Why do some Catalans want independence and what is Spain’s view?

Two governments are on a collision course: Catalonia says its referendum will go ahead, Madrid is adamant it won’t

Spain’s view
A demonstrator holds up a Catalan separatist flag in Barcelona. Photograph: Susana Vera/Reuters
The GuardianWhat is going on in Catalonia?

Catalonia’s regional government intends to hold an independence referendum on 1 October. The Spanish government has vowed to stop the vote, which it says is unconstitutional, and the two governments – one in Madrid, one in Barcelona – are now on a collision course.

Why do some Catalans want independence?

The independence movement, led by the regional president, Carles Puigdemont, argues that Catalonia has a moral, cultural, economic and political right to self-determination. Its supporters feel their rich region of 7.5 million people has long put more into Spain than it has received in return.

Support for independence has grown over the past few years as Spain has endured a painful and protracted economic crisis. Many Catalans are still angry about the Spanish constitutional court’s decision seven years ago to annul or reinterpret parts of the 2006 Catalan statute of autonomy, which would have afforded the region greater independence.

How strong is support for independence?

Polls show 70% of Catalans want to be able to vote in a referendum but they are more evenly divided when it comes to independence. A survey two months ago showed 49.4% of Catalans were against independence and 41.1% were in favour.

How did we get here?

The Catalan parliament, where Puigdemont’s coalition has a majority, has been taking legislative steps towards independence for more than a year. In June Puigdemont announced that the referendum would be held in October and would ask voters: “Do you want Catalonia to be an independent country in the form of a republic?”

This month, after a heated session of the regional parliament, MPs passed the so-called referendum law to pave the way for the vote. The government insists the referendum will be legally binding and has promised to declare independence from Spain within 48 hours of a victory for the yes camp.

What does the Spanish government say about all this?

The Spanish prime minister, Mariano Rajoy, has insisted the referendum will not go ahead and has promised to use all legal means at the government’s disposal to prevent it.

On what grounds does the Spanish government oppose the vote?

It argues that any referendum on Catalan independence would be illegal because Spain’s 1978 constitution makes no provision for a vote on self-determination.

The Spanish constitutional court, which has suspended the referendum law pushed through the Catalan parliament this month, is looking into whether the law breaches the constitution.

In March this year the former Catalan president Artur Mas was banned from holding public office for two years after being found guilty of disobeying the constitutional court by holding a symbolic independence referendum three years ago. Other, current members of the Catalan government are facing legal action over their roles in the push for independence.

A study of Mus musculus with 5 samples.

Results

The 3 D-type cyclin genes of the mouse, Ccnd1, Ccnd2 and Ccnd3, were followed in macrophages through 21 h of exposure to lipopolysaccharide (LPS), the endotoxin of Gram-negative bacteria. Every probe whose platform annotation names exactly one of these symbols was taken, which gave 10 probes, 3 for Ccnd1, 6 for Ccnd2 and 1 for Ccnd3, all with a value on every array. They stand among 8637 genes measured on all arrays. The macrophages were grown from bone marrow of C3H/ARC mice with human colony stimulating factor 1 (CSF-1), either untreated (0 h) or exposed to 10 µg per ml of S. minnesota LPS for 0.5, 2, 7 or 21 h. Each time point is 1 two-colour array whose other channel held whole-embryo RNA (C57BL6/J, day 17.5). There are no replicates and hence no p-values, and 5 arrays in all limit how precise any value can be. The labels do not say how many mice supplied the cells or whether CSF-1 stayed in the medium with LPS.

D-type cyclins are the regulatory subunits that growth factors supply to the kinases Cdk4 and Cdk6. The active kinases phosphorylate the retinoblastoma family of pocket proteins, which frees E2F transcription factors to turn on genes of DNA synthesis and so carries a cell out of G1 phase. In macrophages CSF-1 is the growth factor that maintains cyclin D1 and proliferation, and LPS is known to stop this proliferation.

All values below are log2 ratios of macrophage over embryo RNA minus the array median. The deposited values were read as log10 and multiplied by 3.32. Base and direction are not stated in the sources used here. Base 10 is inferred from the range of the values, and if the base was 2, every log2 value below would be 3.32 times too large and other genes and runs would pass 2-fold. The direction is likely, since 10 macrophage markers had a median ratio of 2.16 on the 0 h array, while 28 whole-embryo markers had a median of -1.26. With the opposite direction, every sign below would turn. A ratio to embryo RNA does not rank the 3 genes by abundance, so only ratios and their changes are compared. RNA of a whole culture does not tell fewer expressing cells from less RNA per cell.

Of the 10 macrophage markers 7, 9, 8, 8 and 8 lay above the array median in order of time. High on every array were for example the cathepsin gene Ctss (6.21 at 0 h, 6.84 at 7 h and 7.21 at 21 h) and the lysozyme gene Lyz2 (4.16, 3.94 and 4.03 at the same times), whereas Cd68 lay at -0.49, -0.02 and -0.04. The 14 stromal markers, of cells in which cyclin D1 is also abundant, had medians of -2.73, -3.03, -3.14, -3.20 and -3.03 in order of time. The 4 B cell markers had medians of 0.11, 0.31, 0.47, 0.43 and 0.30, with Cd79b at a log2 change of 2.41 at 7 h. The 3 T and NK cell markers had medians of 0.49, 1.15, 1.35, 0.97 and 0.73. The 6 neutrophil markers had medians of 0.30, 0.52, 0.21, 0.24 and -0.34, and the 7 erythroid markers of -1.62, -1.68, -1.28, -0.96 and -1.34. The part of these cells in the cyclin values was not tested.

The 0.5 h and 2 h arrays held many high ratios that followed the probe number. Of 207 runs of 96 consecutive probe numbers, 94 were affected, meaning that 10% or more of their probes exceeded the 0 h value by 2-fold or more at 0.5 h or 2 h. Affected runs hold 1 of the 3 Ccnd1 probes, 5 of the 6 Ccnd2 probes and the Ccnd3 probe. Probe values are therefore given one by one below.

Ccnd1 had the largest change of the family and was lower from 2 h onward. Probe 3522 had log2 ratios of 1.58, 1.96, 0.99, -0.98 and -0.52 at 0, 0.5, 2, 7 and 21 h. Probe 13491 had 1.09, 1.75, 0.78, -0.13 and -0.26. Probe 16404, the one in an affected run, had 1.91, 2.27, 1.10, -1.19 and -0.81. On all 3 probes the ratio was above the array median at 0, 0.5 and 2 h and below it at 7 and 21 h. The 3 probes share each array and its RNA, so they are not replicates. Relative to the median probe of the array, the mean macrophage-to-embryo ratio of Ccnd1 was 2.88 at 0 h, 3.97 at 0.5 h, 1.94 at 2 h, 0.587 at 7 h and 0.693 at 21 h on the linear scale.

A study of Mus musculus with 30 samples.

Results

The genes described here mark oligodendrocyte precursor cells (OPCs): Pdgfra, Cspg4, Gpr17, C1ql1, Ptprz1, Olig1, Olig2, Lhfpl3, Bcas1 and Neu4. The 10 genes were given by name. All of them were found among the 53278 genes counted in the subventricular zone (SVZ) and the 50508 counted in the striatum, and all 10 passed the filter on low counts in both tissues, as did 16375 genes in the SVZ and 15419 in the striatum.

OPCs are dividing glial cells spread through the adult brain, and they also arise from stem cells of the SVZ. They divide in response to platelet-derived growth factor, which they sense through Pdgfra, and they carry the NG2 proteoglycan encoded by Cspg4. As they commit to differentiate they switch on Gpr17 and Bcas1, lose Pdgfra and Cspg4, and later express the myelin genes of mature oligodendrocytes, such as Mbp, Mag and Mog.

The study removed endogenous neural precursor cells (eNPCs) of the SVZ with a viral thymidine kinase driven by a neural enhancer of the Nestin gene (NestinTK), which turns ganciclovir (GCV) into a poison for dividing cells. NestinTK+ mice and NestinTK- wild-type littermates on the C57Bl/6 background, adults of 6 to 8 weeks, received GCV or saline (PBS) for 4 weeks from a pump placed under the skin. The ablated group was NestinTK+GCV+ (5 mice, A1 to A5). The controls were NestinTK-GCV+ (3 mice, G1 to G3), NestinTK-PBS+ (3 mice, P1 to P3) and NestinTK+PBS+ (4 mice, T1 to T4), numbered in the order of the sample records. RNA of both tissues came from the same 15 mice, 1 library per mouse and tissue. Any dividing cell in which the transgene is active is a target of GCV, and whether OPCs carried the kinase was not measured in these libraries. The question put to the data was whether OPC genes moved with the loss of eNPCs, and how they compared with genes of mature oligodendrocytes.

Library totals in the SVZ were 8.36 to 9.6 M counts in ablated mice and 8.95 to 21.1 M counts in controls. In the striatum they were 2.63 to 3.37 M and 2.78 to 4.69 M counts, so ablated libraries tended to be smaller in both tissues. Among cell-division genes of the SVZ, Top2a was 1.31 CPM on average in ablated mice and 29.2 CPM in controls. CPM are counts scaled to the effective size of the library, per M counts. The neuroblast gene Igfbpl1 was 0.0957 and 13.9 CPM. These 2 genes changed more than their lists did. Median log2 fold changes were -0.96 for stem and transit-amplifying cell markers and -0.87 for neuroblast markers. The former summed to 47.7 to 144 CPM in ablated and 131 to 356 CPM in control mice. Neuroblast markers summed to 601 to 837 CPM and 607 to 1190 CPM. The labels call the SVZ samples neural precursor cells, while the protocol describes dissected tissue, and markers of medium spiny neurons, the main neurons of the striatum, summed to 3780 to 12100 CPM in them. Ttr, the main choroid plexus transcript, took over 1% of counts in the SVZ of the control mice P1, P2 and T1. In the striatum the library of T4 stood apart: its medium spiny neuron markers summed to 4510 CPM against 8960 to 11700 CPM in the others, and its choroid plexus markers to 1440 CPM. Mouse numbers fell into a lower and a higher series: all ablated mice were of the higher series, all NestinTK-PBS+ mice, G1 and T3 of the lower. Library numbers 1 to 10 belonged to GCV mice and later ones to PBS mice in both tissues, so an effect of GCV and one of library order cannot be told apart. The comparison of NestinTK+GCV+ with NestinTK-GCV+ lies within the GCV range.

So it’s a standoff?

Basically, yes. But tensions have escalated significantly this week after Spanish Guardia Civil officers raided a dozen regional government premises in Barcelonaand arrested 14 senior officials, including Catalonia’s secretary general of economic affairs and the secretary of taxation. Police have seized nearly 10m ballot papers and confiscated more than 1.5m referendum leaflets and posters.

Meanwhile, the interior ministry has cancelled all leave for the Guardia Civil and national police officers tasked with preventing the referendum, the Spanish government has imposed controls on regional spending and the Spanish foreign minister has said some in the independence movement have adopted “Nazi attitudes” to try to intimidate Catalan mayors opposed to the referendum.

What’s the reaction been?

Puigdemont has accused the Spanish government of effectively suspending regional autonomy and declaring a de facto state of emergency. About 40,000 people took to the streets of Barcelona on Wednesday night to protest against the raids. In an address on Wednesday night, Rajoy told the regional government: “Stop this escalation of radicalism and disobedience once and for all.”

What happens next?

No one knows but there will be more cat-and-mouse games between the Spanish government and the Catalan government. Neither side shows any sign of backing down: Puigdemont says the referendum will go ahead; Rajoy is adamant it won’t.

The Spanish government has not ruled out resorting to article 155 of the constitution, never before used, which would allow the central government to suspend Catalonia’s autonomy and take control to stop the vote. However, such a move – coming soon after the controversial raids – would probably prove hugely counter-productive. Not only would it be seen as excessively heavy-handed at home and abroad, it would also massively boost the independentists’ cause.